Set out from Hobart to discover waterfalls, convict history, beaches, caves and a fine smorgasbord of cheese, oysters, cider and wine, and be back in the city in time for dinner.
By Andrew Bain
From Hobart, southern Tasmania peels open for exploration. Nothing here is more than about a two-hour drive from the capital city, and yet every road brings something fascinating and different. You can find yourself at the end of the most southerly road in Australia, or overlooking the country's highest sea cliffs, or simply tucking into the freshest lunch imaginable direct from the producers.
Port Arthur and the Tasman Peninsula
Australia's most famous colonial penitentiary, Port Arthur, is 90 minutes drive east of Hobart. Along the way, fuel up (your body, not your car) at the Bangor Wine and Oyster Shed outside of Dunalley, where you can sip and eat in sight of the oyster leases and vines. At Eaglehawk Neck, walk across the curious patterned geology of the Tessellated Pavement then detour to Waterfall Bay for a view along the coast towards Australia's highest line of sea cliffs. Allow a few hours at Port Arthur to tour the prison and the former town settlement before returning to Hobart.
Mount Field National Park
Tasmania's oldest national park, Mount Field National Park, is 75 kilometres (47 miles) west of Hobart, at the end of a beautiful drive through the Derwent Valley. From the park visitor centre, it's a 10-minute walk to one of Tasmania's most famous waterfalls, rainforest-wrapped Russell Falls. Drive up the mountain to Lake Dobson and walk around its shores to the Pandani Grove, a stunning stand of Tasmania's striking pandani trees, a subalpine plant found only in Tasmania. As you return to Hobart, grab afternoon tea on the deck of the Possum Shed in Westerway – platypuses are regularly sighted in the river below.
Just a 30 minute drive from Hobart is the cute-as-a-button historic town of Richmond. Wander through its colonial-style stores then stroll down to the river to the convict-built Richmond Bridge, constructed in 1825. From Richmond, drive 10 minutes through the vineyard-lined Coal Valley to lunch in style at Frogmore Creek Winery. In the afternoon, head out to the excellent Bonorong Wildlife Sanctuary, where you can meet and learn about Tasmanian devils and other native animals.
Elongated Bruny Island is accessed via a short car-ferry ride from Kettering, 30 kilometres (19 miles) south of Hobart. See the island's imposing cliff-lined coast on a three hour boat trip with Pennicott Wilderness Journeys then graze your way through the island's gourmet treats at the Bruny Island Cheese Company, Get Shucked oyster farm, Bruny Island Premium Wines and the Tasmanian House of Whisky. Visit the Cape Bruny Lighthouse, built in 1838, and climb the steps to the top of the sand dunes on the Neck – the sandy isthmus that holds the island together – for a spectacular view along the island's coast.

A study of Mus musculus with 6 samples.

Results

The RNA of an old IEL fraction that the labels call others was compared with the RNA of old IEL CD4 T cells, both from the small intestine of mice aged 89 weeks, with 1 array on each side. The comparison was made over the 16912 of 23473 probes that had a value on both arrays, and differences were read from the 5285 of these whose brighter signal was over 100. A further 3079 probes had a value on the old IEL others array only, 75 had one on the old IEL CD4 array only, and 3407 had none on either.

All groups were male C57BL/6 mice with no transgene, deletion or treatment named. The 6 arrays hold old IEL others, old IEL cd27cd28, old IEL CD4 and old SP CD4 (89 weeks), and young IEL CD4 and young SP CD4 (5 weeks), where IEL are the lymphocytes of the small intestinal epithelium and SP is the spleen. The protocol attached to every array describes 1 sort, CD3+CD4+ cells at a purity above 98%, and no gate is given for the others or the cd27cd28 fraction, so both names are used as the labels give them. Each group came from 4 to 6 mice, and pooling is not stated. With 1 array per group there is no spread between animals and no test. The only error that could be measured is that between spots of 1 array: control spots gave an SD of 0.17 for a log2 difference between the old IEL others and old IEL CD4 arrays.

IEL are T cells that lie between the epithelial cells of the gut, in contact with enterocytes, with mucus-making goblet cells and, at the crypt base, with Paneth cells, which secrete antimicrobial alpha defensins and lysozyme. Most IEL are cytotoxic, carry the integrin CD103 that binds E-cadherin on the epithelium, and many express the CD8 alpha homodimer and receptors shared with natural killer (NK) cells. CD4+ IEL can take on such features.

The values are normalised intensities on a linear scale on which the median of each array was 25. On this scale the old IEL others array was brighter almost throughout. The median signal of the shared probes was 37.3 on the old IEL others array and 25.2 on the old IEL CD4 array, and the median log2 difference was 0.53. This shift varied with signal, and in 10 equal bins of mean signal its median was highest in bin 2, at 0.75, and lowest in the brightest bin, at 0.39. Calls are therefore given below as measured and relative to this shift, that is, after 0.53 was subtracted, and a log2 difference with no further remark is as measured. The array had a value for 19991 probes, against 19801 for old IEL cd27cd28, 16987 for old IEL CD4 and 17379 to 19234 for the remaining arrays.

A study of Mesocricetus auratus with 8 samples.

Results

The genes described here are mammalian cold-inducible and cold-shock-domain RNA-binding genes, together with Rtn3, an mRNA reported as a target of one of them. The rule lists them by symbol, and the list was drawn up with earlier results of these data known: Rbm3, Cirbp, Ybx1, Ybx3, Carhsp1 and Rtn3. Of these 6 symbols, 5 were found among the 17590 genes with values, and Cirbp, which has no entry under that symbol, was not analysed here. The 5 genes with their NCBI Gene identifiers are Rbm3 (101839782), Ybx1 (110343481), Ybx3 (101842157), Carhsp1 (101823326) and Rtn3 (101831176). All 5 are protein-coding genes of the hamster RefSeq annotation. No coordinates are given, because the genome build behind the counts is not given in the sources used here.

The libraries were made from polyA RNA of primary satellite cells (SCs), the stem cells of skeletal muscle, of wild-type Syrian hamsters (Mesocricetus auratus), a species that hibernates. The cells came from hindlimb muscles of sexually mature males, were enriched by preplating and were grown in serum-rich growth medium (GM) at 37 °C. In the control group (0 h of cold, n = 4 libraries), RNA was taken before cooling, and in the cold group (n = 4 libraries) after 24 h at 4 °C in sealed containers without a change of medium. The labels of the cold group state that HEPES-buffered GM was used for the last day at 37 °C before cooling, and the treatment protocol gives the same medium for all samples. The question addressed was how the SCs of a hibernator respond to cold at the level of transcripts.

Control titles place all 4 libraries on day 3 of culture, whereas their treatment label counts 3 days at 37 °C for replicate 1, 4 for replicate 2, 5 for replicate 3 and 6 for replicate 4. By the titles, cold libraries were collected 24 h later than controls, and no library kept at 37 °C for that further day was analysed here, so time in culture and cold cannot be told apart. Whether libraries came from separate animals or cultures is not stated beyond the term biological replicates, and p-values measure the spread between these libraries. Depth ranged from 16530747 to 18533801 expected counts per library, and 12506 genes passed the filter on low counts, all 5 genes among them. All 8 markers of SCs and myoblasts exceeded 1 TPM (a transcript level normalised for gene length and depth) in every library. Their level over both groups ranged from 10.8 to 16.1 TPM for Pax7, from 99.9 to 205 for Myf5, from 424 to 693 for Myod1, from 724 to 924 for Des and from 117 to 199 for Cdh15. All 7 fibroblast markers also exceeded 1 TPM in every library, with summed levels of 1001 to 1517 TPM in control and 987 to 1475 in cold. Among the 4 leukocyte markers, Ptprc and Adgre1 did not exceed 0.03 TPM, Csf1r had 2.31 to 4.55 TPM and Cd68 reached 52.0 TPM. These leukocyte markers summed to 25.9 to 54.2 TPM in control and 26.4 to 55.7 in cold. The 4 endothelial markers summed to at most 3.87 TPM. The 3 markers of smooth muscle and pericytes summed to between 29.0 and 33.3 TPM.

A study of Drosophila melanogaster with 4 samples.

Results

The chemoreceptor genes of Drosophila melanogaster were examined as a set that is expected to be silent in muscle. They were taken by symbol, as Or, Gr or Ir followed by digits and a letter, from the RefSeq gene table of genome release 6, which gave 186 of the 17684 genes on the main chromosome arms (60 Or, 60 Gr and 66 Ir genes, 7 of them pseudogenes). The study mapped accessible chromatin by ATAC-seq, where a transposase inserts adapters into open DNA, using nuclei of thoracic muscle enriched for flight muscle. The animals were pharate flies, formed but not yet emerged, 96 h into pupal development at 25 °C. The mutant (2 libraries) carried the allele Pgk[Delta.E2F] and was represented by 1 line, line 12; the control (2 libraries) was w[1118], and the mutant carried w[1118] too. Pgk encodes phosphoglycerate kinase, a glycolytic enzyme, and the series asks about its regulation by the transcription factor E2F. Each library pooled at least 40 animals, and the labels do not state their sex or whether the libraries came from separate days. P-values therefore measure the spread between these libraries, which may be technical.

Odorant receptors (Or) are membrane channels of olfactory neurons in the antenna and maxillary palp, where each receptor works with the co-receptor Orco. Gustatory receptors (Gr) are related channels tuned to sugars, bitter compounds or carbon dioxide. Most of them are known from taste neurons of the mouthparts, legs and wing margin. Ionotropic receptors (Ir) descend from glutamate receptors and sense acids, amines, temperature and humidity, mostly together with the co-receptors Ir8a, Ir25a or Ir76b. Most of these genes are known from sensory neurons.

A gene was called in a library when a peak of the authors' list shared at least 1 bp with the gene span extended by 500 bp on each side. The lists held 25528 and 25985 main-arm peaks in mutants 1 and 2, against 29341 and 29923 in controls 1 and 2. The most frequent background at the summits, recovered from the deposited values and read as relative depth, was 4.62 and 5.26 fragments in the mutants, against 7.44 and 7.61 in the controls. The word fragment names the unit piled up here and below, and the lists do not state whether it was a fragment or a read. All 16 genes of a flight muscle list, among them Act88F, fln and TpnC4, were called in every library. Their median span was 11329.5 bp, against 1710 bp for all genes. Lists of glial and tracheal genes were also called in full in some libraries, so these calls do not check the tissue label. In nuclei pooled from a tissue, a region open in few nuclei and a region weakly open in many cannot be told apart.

See how Tasmania earned its nickname of the "Apple Isle" in the Huon Valley, south of Hobart. At Willie Smith's Apple Shed journey through the state's apple history in the museum and learn about Tasmania's booming cider industry. Admire the artistry of wooden boat construction at the Wooden Boat Centre in Franklin then wander high through the forest canopy on the Tahune AirWalk, poised above the Huon River. Drive back to Hobart beside the D'Entrecasteaux Channel, stopping to sample the sheep's cheese and sheep whey vodka at Grandvewe Cheeses.
Cockle Creek and Hastings Caves
Go as far south as roads will take you, and still be only two hours from Hobart. Drive through the Huon Valley and on past Dover and Southport, turning into Hastings Caves for a tour of the subterranean world of stalagmites and stalactites. Bring your swimming gear and you can also take a warm soak in the adjoining thermal springs. At Lune River, the World War II-era Ida Bay Railway can take you through thick bush to a remote slice of coast at Deep Hole Bay. The road ends at Cockle Creek in the gorgeous Recherche Bay. Stroll along the beach here before turning back for the picturesque late afternoon drive to Hobart.
Oatlands and Ross
Journey north into the Midlands, where Tasmania's rural heart boasts a striking collection of colonial architecture. About an hour's drive north of Hobart, Oatlands has the largest collection of sandstone Georgian buildings in Australia. The 1837 Callington Mill still turns out flour and welcomes visitors. Further north, the elegant Ross Bridge, constructed by convict stonemasons, is Australia's third-oldest bridge. On the drive back to Hobart, detour to Kempton for a whisky tasting and a tour of Redlands Distillery, located inside a grand coaching inn built in 1842.